Even in the best of years Geelong is a dry place. So at times when the whole of southern Victoria is suffering from a rainfall deficiency, Geelong never escapes the general trend. If anything, we suffer more.
Our main prevailing winds come from the northwest and the southwest. This means they have to cross some of the highest country in the state. As winds rise the moisture they carry is “squeezed” as the temperature drops and this process (called orographic lifting) enhances cloud formation and precipitation.
The accompanying map shows what happens after these winds bring rain to the highlands. They lose altitude as they approach Geelong and the warming mechanism decreases the likelihood of rain. In fact, Ballarat’s annual average is about 710 mm while Geelong’s is less than 550 mm. In our Otways water catchment the totals average over 1200 mm.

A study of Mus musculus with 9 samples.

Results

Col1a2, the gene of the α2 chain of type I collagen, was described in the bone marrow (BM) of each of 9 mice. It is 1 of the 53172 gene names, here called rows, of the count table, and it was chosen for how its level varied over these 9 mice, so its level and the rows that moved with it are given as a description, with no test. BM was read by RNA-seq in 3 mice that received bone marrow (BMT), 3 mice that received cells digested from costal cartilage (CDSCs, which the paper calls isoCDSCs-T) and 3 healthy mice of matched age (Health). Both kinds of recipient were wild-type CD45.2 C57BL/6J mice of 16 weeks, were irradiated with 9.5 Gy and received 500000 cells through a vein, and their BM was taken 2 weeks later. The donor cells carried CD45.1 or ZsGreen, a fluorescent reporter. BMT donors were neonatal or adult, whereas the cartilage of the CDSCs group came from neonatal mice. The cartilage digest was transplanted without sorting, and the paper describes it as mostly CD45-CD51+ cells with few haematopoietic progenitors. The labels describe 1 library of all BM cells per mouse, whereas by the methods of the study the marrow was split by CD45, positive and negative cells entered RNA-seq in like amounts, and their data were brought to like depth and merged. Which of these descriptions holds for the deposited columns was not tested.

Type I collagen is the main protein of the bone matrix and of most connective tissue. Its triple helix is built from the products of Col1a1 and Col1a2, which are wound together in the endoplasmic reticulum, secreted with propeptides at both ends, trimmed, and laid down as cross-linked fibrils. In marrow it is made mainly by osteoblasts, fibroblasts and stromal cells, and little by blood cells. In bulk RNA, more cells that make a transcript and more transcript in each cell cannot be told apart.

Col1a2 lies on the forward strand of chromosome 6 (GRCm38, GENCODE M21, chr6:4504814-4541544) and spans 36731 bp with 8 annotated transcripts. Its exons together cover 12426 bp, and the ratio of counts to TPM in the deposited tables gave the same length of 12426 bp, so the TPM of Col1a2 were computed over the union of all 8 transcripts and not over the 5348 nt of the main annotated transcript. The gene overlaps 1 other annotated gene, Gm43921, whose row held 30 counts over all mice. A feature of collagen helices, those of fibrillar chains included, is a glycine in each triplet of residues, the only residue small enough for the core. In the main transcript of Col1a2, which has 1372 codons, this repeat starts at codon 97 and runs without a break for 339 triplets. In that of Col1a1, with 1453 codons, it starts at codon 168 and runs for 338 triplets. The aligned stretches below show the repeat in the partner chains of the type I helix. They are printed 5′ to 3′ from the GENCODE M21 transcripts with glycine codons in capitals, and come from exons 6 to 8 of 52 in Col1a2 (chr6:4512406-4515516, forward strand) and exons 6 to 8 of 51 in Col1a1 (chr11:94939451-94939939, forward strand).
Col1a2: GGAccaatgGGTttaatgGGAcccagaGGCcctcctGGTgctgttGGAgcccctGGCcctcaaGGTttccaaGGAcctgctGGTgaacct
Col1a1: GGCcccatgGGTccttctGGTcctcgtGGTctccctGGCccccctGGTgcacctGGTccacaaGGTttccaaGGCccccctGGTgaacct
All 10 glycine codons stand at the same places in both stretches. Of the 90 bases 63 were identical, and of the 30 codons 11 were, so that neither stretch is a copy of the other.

Often if you look to Geelong’s southwest or northwest you will see large lines of “cauliflower-top” cumulus clouds expanding as they rise over the Otways and the Great Dividing Range. But often they don’t get to Geelong, or they seem to blow away before they get here. This is “desaturation” in action; in our case it causes a “rain shadow” effect that is a direct result of topography and physics.
This doesn’t mean the clouds disappear altogether; their lower altitude just means they have lost the means of cooling to trigger off a heavy fall of rain.
Obviously this doesn’t happen all the time, but it is almost impossible for Geelong ever to receive more rain than the Otways from the same cloud system. Sometimes a summer thunderstorm, caused by rapid uplift of warm moist air, can occur in Geelong and not elsewhere.